Monday, December 29, 2014
(I wrote this essay of sorts a while ago, and I've realized it's kind of a great mission statement for the kind of handmade life I want to lead. Just thought I'd share it here, as I set goals for the new year.)
I can admit that I'm proud. Proud as a peacock with all his new feathers. I'm very proud of being able to say, yeah, I made that. From a piece of fabric or raw ingredients or a pile of cardboard and string. I'm even more proud if the end result looks or tastes good.
But I don't just make things myself for the rush.
I can admit that I'm a bit of a purist. I like starting from as close to scratch as I reasonably can. Starting with quality, adding my highest quality labor, ending with higher quality than I would get in a store. Fewer preservatives, less polyester, better flavor, better drape.
But I don't just make things myself for the higher quality.
I can admit that I'm a very small bit of an activist. I cry for the mistreatment of overseas textile workers, for the closed doors and sometimes maltreatment of the meat industry, for steamrolling of small farms and industries by big business. I get mad about mystery synthetic chemicals that lace our food and for the complete disconnect that our society has for the sweatshop worker in Taiwan when we pick up a $5 sweater in Forever 21.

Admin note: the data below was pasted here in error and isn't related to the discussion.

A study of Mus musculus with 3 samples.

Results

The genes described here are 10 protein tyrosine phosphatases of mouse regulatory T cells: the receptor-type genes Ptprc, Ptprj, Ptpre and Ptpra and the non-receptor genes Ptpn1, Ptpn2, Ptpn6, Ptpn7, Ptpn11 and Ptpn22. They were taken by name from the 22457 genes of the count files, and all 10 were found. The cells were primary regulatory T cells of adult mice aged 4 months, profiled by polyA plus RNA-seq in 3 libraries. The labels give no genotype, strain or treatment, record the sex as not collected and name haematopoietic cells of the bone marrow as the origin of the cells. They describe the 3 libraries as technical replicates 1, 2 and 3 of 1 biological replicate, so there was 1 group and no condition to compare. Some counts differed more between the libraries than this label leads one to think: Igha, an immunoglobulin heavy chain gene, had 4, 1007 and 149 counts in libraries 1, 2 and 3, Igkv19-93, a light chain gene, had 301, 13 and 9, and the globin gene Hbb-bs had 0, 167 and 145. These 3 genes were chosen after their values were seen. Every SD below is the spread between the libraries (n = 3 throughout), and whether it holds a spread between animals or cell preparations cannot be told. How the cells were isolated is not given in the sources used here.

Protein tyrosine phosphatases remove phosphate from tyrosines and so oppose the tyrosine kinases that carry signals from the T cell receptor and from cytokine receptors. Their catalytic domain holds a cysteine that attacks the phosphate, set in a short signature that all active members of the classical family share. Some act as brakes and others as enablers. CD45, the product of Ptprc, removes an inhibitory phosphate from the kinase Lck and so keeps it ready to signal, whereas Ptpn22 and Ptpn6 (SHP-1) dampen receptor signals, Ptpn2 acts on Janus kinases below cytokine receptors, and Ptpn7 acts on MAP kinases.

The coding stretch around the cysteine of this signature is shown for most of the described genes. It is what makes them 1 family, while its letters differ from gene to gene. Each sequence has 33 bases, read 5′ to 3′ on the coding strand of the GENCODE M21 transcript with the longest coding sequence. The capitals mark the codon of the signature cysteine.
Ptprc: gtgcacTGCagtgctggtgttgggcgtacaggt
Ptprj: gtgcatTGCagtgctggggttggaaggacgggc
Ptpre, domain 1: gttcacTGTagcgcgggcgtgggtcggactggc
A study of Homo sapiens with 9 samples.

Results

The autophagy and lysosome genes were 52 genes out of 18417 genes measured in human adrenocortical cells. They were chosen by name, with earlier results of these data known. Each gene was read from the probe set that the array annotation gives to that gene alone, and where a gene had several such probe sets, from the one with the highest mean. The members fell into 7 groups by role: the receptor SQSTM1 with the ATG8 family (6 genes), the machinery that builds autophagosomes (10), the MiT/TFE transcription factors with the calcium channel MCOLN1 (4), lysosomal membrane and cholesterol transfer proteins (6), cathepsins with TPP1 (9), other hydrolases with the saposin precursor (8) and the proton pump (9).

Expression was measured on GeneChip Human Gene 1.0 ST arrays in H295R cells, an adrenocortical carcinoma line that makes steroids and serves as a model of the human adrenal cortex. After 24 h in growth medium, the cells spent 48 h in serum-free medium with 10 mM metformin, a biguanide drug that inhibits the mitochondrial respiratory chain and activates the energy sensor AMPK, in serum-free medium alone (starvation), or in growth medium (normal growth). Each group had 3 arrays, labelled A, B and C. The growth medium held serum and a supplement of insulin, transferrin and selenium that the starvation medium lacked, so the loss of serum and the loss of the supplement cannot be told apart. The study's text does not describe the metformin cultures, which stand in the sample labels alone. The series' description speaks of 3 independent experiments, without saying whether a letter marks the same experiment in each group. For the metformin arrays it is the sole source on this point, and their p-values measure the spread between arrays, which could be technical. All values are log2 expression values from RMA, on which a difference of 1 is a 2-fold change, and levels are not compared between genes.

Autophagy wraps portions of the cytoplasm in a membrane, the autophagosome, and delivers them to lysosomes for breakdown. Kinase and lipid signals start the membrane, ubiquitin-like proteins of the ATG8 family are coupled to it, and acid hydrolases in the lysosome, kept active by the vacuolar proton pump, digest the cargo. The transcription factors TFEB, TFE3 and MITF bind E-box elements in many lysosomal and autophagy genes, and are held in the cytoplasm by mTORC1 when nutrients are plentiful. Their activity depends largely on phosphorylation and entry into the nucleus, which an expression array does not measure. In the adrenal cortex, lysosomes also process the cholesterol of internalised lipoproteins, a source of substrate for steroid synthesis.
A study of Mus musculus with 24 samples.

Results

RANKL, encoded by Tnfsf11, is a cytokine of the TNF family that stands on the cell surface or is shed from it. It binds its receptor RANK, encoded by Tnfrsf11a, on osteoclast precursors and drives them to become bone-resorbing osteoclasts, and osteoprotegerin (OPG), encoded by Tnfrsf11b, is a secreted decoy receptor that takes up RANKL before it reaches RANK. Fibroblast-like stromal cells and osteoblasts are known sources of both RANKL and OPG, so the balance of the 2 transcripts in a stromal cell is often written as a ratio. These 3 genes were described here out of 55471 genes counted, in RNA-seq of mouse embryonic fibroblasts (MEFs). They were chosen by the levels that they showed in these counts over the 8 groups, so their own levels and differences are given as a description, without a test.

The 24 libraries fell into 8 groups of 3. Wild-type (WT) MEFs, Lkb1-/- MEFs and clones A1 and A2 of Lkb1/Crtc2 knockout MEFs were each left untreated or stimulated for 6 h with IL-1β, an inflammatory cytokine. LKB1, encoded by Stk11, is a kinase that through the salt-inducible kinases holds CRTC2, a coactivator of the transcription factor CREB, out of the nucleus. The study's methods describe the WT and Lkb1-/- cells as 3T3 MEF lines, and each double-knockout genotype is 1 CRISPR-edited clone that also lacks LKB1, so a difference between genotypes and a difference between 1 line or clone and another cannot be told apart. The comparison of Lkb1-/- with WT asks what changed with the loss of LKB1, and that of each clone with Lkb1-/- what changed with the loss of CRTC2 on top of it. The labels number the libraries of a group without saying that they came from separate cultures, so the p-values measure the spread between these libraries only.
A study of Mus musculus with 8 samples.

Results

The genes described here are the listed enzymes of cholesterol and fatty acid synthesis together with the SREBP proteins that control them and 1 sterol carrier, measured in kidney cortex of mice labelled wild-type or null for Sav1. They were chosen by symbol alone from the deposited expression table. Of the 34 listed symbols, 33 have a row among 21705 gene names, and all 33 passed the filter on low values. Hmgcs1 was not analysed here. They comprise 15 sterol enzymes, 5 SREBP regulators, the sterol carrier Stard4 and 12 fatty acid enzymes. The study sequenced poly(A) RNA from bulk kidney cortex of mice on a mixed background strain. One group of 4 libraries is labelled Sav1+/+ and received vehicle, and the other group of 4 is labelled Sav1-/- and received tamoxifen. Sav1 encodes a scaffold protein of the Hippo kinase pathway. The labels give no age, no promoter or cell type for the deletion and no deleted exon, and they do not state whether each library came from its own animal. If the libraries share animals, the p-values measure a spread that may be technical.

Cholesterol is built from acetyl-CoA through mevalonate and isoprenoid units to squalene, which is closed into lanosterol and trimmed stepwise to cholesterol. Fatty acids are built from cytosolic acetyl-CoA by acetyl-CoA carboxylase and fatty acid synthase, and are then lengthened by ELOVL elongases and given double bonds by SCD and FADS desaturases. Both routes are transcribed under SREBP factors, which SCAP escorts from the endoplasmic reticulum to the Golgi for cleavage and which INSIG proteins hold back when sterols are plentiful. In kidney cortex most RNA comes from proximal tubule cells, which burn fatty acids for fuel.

But I don't just make things myself to avoid a culture that ignores the dangers to ourselves and the world around us caused by our desire to consume.
It's all that and then some. I believe there is intrinsic good done when you take raw materials and do the processing themselves, whether that's growing their own food, knitting their own scarves, or crafting their own decor. I believe there's nothing more empowering than learning a skill that can be used in your day-to-day life, like cooking or sewing ('cos you wear the garments or see the pillows on a day-to-day basis). I love the act of creation that pushes my mind to think critically and creatively to discover new solutions to the problems I pose in my head. I love that it's so different from the culture of academia, where I feel like the goal is sometimes just to consume as many articles and texts as possible and then to spew them out upon command. It connects me to my ancestors and helps to keep what could be dying crafts alive. It also doesn't hurt that making my own stuff saves a pretty penny over buying the same quality products, which makes my college student budget much, much happier.
That, all smashed together and mixed up and super-glued at the edges, is why homemade.